Google and SuperPoke! Pets developer Slide Inc. convinced a federal judge that arbitration was the right path for a lawsuit accusing them of shuttering customers’ access to “hundreds or even thousands of dollars” of virtual pet items.
Buyers claimed Google illegally shut down the social game SuperPoke! Pets, developed and launched by Slide in 2008. The online game allowed users to adopt, care for and interact with virtual pets. Basic access was free, and players bought toys, gifts and habitats with virtual “gold” for their four-legged, pixelated friends.
After Google purchased Slide in 2010, it made a series of announcements that caused a frenzy among virtual pet lovers. First, Google said users would no longer be able to buy gold with cash and instructed them to spend any outstanding gold on existing goods, according to the class action. Plaintiffs claimed Google also announced that it would no longer accept new VIP subscriptions after July 1, 2011, but promised those who signed up before the cut-off date “indefinite” and “free” access to the VIP status.
As a result, thousands of SuperPoke! Pets users signed up for or renewed their VIP subscriptions, and “purchased and stockpiled … numerous virtual items, anticipating that such items would maintain and even increase in value after June 30, 2011, ” according to the class action lawsuit.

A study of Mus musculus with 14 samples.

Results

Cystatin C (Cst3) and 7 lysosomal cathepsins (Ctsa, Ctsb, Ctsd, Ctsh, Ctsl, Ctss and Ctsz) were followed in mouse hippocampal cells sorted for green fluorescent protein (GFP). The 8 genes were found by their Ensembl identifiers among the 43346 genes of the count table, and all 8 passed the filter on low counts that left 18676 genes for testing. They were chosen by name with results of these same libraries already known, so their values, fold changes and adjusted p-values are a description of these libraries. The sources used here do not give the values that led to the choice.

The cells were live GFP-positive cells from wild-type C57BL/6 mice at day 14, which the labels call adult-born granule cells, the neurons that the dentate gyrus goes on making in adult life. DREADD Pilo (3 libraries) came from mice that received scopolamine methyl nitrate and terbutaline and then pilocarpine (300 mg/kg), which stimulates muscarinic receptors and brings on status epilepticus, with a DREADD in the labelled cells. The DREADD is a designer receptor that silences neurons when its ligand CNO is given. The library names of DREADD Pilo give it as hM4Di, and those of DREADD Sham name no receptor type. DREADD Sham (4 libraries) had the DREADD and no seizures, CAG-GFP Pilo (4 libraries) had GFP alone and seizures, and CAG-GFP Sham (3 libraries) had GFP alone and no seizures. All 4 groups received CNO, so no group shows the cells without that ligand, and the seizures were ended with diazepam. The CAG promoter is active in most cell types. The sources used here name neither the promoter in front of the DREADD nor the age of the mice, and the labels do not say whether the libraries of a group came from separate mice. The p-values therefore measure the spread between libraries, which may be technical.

After the flurry of activity, Google and Slide announced in August 2011 that they were pulling the plug on SuperPoke! Pets within six months, allegedly barring users’ access to their virtual pet purchases.
Lead plaintiff Christalee Abreu said Google and Slide’s actions stripped users of access to goods that cost “hundreds or even thousands of dollars.”
“The validity of the non-arbitration clauses … are for the arbitrator,” Judge Alsup wrote.
Finding the arbitration agreement “valid and enforceable,” he ordered the parties to proceed immediately to arbitration and rejected the defendants’ motion to dismiss.